Mark Steyn discusses the meaning of Nicolas Sarkozy's as French Grand Poobwah and its likelyhood of national course change. Could Sarkozy become France's Margaret Thatcher or Ronald Reagan?
The French 'Cozy Up
...one of those small anecdotes that seems almost too perfect a distillation of Continental politics. It was a news item from 2005: A fellow in Marseilles was charged with fraud because he lived with the dead body of his mother for five years in order to continue receiving her pension of 700 euros a month.
She was 94 when she croaked, so she'd presumably been enjoying the old government check for a good three decades or so, but her son figured he might as well keep the money rolling in until her second century and, with her corpse tucked away under a pile of rubbish in the living room, the female telephone voice he put on for the benefit of the social services office was apparently convincing enough. As the Reuters headline put it: "Frenchman Lived With Dead Mother To Keep Pension."
Think of France as that flat in Marseilles, and its economy as the dead mother, and the country's many state benefits as monsieur's deceased mom's benefits. To the outside observer, the French give the impression they can live with the stench of death as long as the government benefits keep coming. If that's the case, the new president will have the shortest of honeymoons.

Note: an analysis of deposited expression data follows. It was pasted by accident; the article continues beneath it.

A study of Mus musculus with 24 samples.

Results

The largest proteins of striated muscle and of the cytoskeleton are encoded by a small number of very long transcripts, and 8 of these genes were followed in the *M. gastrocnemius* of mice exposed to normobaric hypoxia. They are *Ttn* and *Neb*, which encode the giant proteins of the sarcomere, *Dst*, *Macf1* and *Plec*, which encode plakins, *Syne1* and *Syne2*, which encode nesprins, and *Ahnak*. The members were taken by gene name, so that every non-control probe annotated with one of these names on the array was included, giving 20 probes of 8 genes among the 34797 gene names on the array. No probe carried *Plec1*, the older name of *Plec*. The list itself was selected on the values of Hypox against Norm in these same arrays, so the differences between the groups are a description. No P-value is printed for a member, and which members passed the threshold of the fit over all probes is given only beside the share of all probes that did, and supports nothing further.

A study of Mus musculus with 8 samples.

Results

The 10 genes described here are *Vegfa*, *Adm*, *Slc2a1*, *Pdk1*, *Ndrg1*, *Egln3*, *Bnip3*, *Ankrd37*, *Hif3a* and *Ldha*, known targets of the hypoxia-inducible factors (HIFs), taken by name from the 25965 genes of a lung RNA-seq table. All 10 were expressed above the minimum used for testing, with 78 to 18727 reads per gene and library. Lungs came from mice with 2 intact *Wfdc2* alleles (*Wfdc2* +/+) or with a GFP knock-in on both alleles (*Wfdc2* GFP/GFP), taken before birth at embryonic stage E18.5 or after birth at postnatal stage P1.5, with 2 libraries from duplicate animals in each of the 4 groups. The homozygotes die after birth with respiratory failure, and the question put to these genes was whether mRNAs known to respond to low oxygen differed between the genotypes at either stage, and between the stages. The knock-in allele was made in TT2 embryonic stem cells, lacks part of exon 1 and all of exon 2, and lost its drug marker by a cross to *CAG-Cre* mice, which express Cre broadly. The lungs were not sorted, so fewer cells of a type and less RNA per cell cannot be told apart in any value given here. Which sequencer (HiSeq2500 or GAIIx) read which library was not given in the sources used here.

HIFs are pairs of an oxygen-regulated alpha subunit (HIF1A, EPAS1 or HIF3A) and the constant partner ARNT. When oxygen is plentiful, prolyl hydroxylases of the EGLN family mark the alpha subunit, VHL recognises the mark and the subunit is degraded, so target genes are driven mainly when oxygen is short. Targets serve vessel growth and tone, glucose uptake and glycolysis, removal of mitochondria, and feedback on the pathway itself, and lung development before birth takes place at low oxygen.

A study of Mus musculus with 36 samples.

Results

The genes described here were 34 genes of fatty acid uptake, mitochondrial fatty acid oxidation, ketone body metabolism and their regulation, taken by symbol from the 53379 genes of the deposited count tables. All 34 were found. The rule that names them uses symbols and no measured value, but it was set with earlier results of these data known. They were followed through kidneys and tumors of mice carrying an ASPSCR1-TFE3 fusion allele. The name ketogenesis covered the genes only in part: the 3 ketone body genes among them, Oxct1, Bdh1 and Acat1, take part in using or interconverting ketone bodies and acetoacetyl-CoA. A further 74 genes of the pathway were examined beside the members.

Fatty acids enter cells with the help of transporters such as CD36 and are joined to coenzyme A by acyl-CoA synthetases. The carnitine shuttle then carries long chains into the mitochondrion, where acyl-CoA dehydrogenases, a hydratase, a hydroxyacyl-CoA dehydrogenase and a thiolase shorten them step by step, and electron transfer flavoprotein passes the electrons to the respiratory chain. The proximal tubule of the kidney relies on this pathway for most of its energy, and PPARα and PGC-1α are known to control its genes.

Obviously, Steyn predicts that Nicolas Sarkozy will not be allowed to be a Thatcher or Reagan, but instead an Angela Merkel:
[...] Just as Frau Merkel proved not to be Germany's Thatcher, I would be surprised if Nicolas Sarkozy turned out to be France's Reagan. Not because he doesn't have Reaganite tendencies but because the French electorate, like the Germans, aren't there yet.
Steyn is probably right, although I would hope that his election would at least prove to be baby steps forward in French rehabilitation.
John Fund: "With Mr. Sarkozy's victory, France's government looks like it will finally have some energetic adult supervision."